Starting July 1st, the Property Service Worker Protection Act of 2017 (HB 3279), a law that NWJP and Service Employees International Union (SEIU) Local 49 worked to get passed to protect janitorial workers, will go into effect. Janitorial contractors will now be required to have a license from the Bureau of Labor and Industry (BOLI) and a bond that employees can use to recover unpaid wages. If building owners/operators contract with unlicensed janitorial contractors, the owners/operators could be held responsible for a janitorial employee’s unpaid wages or for other violations of the law. The goal is to prevent under-resourced and fly-by-night janitorial companies from leaving employees without any recourse for labor violations--either the employer will have a bond or the end user of the janitorial services will be responsible too.
As an expansion of the law that has successfully helped regulate farm labor contractors for decades, the law also includes new provisions that require janitorial contractors to provide training on sexual harassment. Because of the nature of janitorial work, done often at night or in isolated spaces, sexual harassment and abuse on the job are endemic. Therefore, the law works to educate and provide resources for workers’ physical safety as well.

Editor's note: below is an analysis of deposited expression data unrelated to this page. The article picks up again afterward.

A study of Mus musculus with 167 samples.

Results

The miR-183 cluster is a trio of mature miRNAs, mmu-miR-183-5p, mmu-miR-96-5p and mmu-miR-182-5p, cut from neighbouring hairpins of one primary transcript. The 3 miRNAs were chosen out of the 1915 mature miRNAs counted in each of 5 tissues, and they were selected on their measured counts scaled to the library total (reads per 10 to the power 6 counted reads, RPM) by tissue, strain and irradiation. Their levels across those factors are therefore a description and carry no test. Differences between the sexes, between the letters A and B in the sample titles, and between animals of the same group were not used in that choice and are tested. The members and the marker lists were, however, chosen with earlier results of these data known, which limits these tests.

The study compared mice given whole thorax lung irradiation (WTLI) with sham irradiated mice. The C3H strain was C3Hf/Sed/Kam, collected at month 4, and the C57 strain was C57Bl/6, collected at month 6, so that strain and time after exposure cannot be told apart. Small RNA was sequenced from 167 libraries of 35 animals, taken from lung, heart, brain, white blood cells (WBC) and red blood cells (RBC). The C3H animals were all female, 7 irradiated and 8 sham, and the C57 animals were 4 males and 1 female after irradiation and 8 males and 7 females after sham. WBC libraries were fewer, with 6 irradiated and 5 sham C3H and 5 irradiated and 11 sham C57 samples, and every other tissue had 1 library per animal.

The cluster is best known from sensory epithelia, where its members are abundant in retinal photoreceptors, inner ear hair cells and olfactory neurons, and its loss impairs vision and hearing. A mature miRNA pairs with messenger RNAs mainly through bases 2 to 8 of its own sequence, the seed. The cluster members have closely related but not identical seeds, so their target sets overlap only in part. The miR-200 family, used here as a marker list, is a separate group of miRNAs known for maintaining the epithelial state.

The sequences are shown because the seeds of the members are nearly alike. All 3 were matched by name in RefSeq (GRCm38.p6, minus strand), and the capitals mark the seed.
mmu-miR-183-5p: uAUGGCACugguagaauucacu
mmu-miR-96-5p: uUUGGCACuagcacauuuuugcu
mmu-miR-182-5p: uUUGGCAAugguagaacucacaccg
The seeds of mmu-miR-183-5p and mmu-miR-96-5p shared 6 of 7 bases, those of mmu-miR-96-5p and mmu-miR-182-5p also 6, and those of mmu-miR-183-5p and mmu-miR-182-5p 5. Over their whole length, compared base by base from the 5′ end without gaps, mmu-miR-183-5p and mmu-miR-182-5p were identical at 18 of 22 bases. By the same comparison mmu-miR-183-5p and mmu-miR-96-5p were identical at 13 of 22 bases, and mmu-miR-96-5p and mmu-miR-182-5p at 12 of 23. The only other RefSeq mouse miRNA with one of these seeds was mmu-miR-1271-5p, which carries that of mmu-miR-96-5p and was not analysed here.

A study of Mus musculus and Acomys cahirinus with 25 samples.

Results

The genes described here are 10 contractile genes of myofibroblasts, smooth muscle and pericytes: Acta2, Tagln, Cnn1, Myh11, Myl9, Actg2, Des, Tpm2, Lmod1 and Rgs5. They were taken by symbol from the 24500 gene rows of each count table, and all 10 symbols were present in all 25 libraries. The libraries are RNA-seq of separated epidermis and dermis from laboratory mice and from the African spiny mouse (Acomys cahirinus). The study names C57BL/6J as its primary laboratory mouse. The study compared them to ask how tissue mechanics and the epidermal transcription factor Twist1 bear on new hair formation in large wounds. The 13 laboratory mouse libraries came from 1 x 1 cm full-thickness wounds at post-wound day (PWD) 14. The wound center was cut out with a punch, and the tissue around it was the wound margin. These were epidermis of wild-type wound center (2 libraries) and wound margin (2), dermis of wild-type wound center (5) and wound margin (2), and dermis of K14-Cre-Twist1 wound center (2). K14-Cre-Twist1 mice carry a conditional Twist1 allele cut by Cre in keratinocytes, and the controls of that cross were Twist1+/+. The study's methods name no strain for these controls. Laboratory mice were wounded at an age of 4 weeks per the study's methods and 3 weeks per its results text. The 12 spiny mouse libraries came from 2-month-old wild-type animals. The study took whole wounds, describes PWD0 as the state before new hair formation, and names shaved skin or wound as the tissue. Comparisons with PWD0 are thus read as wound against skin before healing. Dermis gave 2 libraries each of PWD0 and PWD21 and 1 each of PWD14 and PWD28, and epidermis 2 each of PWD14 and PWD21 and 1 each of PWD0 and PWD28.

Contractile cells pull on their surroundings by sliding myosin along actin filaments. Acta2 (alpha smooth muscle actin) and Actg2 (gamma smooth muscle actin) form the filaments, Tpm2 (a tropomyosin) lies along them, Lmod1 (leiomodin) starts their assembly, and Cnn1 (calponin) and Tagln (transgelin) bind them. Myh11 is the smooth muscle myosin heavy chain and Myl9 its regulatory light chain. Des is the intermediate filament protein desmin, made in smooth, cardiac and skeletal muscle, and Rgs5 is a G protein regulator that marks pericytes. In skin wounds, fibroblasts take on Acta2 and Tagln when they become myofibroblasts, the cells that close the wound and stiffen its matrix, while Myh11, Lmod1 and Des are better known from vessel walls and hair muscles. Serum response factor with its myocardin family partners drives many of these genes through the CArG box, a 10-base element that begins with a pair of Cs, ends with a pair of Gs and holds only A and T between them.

On June 15th, members of SEIU Local 49 took to downtown Portland to notify building owners and managers of the new law and their potential liability for unlicensed contractors on Justice for Janitors Day, a day that recognizes janitors’ historical and ongoing struggles for fair wages and safe working conditions.
SEIU Local 49 also released a report on how the law could clean up the janitorial industry. The report chronicles the type of labor violations that NWJP regularly sees in the industry. NWJP regularly represents workers in cases of misclassification and “franchise” schemes, unpaid wages, health and safety violations, and sex discrimination.